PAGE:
In 1861, Congress created the Nevada Territory also naming Lyon County, which is one of the first of nine counties in Nevada Territory.
Dayton, NV (PRWEB) September 08, 2011
Along America's Loneliest Road is the town of Dayton where gold was first discovered in Nevada. Dayton's roots began in 1849 at the mouth of the Gold Canyon where the gold discovery led the way to the 'Big Bonanza' mining boom on the Comstock, and Dayton became the milling, agricultural and commercial hub for the Comstock gold and silver rush. It was then that Dayton was named the county seat leading Nevada to its statehood in 1864. Dayton is a short drive from both Reno and Carson City, 42 miles south of Reno and approximately 15 miles north east of Carson City.
The 2011 Dayton Valley Days event is filled with the energy of a town proud of its heritage and Lyon County’s 150th Birthday. The event originated in 1989 as a fundraiser to bring “The Arts” to local school children; now it raises funds to preserve Old Town Dayton and to share its historical significance in the origins of Nevada. Festival activities take place September 17 and 18 along Main Street and various historic town locations.
This year’s festival highlights the showing of the award winning film, “Dayton, Nev. Pure Gold”, highlighting Dayton’s history. The film won a Silver Remy Award at the Houston Film Festival earlier this year. Sponsored by the Historical Society of Dayton Valley, the film will be shown both Saturday, Sept. 17 and Sun. Sept. 18 throughout the day between 10 a.m. and 4 p.m. at the Dayton Valley Community Center. In addition, an old photograph display of Lyon County will be on display.
Movie “buffs” may also like to know that in 1960 Marilyn Monroe and Clark Gable filmed their final movie in Old Town Dayton. The climax of the movie takes place on a dry lake bed east of Dayton off Highway 50 that is now called "Misfits Flat". In 2010 the John Huston’s film, The Misfits, celebrated its 50th Anniversary.
“Dayton Valley Days is truly a celebration of our town’s history,” said historian Laura Tennant. “In 1861, Congress created the Nevada Territory also naming Lyon County, which is one of the first of nine counties in Nevada Territory.”
A parade down Main Street kicks off Dayton Valley Days on Saturday at 10 a.m. featuring floats, classic cars, participants in era costume, music and much more.Weekend event highlights include: The Dayton Valley Car Club’s 9th Annual Show-N-Shine Classic Car Show; a Silent Auction; an additional parade with just pets and games for both children and adults along with Battle Born Civil War skirmish reenactments at Pradere Field on Saturday, Sept 17 at 1 p.m. and 4 p.m. and Sunday, Sept. 18 at 1 p.m.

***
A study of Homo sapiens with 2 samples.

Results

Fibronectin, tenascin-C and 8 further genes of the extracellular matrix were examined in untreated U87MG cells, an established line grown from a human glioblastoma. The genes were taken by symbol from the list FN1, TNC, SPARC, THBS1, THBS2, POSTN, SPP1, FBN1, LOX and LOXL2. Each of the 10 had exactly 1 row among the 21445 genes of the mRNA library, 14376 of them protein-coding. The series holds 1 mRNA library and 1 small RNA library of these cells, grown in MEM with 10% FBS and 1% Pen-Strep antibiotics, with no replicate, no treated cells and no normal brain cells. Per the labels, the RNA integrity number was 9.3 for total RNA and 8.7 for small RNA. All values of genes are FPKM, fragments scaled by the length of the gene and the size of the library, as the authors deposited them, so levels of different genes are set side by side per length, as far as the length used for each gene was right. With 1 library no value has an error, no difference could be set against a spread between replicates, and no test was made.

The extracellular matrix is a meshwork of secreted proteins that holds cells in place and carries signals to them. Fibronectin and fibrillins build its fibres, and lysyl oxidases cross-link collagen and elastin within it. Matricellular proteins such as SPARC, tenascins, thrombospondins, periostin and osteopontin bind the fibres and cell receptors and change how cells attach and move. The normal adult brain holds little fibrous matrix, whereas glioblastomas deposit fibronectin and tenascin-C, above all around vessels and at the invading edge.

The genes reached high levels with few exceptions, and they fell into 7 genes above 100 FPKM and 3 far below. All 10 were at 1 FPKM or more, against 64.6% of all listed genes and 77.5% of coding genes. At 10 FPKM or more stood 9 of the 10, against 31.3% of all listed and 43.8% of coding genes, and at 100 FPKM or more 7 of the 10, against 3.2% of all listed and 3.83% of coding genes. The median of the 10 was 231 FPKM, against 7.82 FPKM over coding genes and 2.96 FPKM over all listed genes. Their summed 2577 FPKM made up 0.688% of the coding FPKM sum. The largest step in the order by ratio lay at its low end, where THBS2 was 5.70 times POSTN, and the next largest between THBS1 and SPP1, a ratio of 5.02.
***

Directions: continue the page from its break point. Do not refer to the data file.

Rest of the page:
Dayton’s proximity to the Carson River, a large water source, was another factor in the town’s historical significance and prosperity back in the 1800’s. The Carson River made living in the high desert possible by providing water for the farmers and ranchers, gold and silver ore processors (stamp mills) and people living and working in and around the valley.
Dayton was made famous for being a milling town due to the Carson River. It is also home to a State Park featuring Rock Point Mill. This Mill was built in 1861 and was once used to process rich silver ore from nearby Virginia City. The Carson River flows through the Dayton State Park offering a wealth of fishing and bird watching. There is an interpretive trail to study nature along with picnicking and camping. There are also facilities for group events.
Now Dayton’s commercial center consists of several historical sites: An original rock wall of the Pony Express route still exists next to the Union Hotel along with a monument notating its history. The old stone Schoolhouse Museum on Shady Lane is open weekly and dates back to 1865. The 1875 firehouse and jail have been restored with the Nevada Cultural Affairs Commission's preservation funds.
Dayton Valley Days is made possible by sponsors and volunteers including the Lyon County Sheriff’s Search and Rescue and The Boys & Girls Club of Mason Valley.
Dayton is one of six friendly communities along Nevada’s Pony Express Trail Hwy 50.
Nevada's Pony Express Territory welcomes the media to its new online press room with exclusive high res photography and fresh story ideas. We’re available to help you tour, customize your story, and more.
About the Pony Express Territory
Nevada's Pony Express Territory sits on 17 million acres of wide open space with 150 years of rich history, rugged undisturbed nature and black night skies. The Territory is where the Pony Express riders once galloped along its main trail, now Highway 50, connecting the six adventurous towns of Dayton, Fallon, Fernley, Austin, Eureka and Ely.